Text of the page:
Like so many little girls, growing up I always wanted a pony. We had riding lessons in Hyde Park each week but the actual pony proved more of a challenge. Secure in the knowledge that we were extremely unlikely ever to win, my parents allowed my sisters and I to enter as many competitions as we could find to win a pony, which would have been tricky given we lived much of the year in a fourth floor mansion flat. We were not sure the lift would be strong enough but were willing to try.
Nevertheless, in the end, I did acquire a pony or two, who would live near my sisters’ boarding schools or join us in the holidays. To my mind, there were, and are, few better moments than burying my face in the neck of a pony with the familiar smell and feel of the mane and coat to love and cuddle. In fact my father, who far preferred the horsepower of cars to that of horses, called our ponies “the cuddlies”. He himself had a series of rather marvelous Bentleys in which he would sometimes drive out to watch us in a gymkhana for an hour or two.
Whenever the great 18th century garden designer Capability Brown arrived at somewhere like Highclere, his first step was to ride round the estate to get an understanding of the topography on which to base his plans. At Highclere, his colleague John Spyers spent three weeks so doing. It is no surprise therefore that many of the finest views and perspectives here today are still best observed from horseback: cars are too low to the ground and you cannot smell the trees, or be still for the wildlife if you are sitting beside a rumbling engine. Capability Brown often used the language of grammar to help his clients see his vision and imagine the future:
‘Now there said he, pointing his finger, ‘I make a comma, and there’ pointing to another spot, ‘where a more decided turn is proper, I make a colon; at another part, where an interruption is desirable to break the view, a parenthesis; now a full stop, and then I begin another subject'”.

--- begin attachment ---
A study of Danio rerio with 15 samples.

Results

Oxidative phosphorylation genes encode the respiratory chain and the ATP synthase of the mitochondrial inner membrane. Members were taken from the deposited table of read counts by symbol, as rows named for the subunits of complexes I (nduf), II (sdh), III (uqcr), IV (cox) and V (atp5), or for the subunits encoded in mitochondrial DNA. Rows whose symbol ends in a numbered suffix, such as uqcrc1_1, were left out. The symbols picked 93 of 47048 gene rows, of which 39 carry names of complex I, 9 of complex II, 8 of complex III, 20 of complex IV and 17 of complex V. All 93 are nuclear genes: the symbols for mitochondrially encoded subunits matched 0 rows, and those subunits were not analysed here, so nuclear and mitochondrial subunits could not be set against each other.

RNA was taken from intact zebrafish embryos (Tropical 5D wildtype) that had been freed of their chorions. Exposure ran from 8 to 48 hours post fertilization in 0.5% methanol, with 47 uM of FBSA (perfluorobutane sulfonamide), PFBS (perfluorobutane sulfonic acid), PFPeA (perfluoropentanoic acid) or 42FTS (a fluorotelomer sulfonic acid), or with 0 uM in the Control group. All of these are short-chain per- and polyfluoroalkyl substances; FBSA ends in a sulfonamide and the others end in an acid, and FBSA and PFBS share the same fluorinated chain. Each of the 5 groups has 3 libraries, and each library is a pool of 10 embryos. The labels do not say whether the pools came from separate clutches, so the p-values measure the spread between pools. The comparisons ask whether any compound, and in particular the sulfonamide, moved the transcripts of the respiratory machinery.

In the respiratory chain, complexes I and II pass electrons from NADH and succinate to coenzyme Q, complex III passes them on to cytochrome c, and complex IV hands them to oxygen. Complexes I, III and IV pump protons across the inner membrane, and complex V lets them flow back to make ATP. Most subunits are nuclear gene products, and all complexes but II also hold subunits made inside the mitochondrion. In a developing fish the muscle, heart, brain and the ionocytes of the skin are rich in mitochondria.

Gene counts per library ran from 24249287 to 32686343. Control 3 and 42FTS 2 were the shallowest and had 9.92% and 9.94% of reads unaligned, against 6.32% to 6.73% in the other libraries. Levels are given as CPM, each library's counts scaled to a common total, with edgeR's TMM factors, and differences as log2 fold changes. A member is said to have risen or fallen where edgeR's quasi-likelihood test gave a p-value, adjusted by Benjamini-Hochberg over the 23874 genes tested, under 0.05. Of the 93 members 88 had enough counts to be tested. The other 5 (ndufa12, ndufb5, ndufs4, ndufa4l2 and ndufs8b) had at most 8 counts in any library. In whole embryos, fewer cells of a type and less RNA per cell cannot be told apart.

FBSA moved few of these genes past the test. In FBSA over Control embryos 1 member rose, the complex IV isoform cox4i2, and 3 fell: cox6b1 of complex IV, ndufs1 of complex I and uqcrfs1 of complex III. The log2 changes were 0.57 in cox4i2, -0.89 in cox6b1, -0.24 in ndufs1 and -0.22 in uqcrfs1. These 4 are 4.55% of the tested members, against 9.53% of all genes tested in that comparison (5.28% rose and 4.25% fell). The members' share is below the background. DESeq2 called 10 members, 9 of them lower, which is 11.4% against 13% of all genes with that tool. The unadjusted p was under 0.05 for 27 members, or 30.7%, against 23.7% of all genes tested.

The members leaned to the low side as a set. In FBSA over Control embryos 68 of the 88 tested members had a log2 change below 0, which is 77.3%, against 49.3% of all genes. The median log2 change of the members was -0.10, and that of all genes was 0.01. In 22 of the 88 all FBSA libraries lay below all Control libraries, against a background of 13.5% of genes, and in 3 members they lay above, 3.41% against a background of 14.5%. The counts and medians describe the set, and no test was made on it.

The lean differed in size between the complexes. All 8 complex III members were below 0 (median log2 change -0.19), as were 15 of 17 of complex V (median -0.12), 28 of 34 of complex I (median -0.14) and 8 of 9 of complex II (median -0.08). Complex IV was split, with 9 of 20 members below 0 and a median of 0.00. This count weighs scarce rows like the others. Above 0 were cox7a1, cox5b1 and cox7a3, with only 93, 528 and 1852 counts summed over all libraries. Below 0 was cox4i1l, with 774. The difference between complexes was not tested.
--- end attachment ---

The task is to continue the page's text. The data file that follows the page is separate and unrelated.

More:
But he was on horseback when he spoke these words!
Eons ago, horses changed our world when we learnt to harness their strength and to ride. In turn, we changed the world when we took “horsepower” and harnessed it to create the engines on which we rely today. At the turn of the 20th century, at the height of the Edwardian era, the 5th Earl of Carnarvon enjoyed racing both horses and cars, owning perhaps sixty cars and probably as many horses. In fact it was a car accident which led to him spending the winter months in Egypt but that is the start of another story.
Today’s cars are infinitely more practical with many more safety innovations than horses but I am not necessarily sure they are better in general for our health. Horses impel us to lead a more active and engaged life and you cannot just be a passenger. If my day gets too stressful, the best strategy is to walk down and call out to Phoebe, my Arab mare, to come and have a chat. She has extraordinary empathy and never fails me.
Currently we also have two chestnut yearlings looking out on the world in one large sloping field and our two little thoroughbred foals lying in the sun by their mothers in another. The latter listen for Maggie the groom’s car as that means food and attention. They sidle up asking for a scratch and stand bottom towards you so you can reach just above their tails. Twiggy will actually follow you, turning around to back into you, if she has had insufficient scratchies.
This coming week is Royal Ascot with its panoply of gleaming cars in the car parks and gleaming horses walking around the paddocks with so much promise of muscle and power. It is a great spectacle from the hats to the heels, and what is rather wonderful is that everyone has to wear name badges – so more relaxing than trying desperately to recall someone’s name and asking about children, or gardens, or where they are going on holiday, to try to gain a hint of who they are.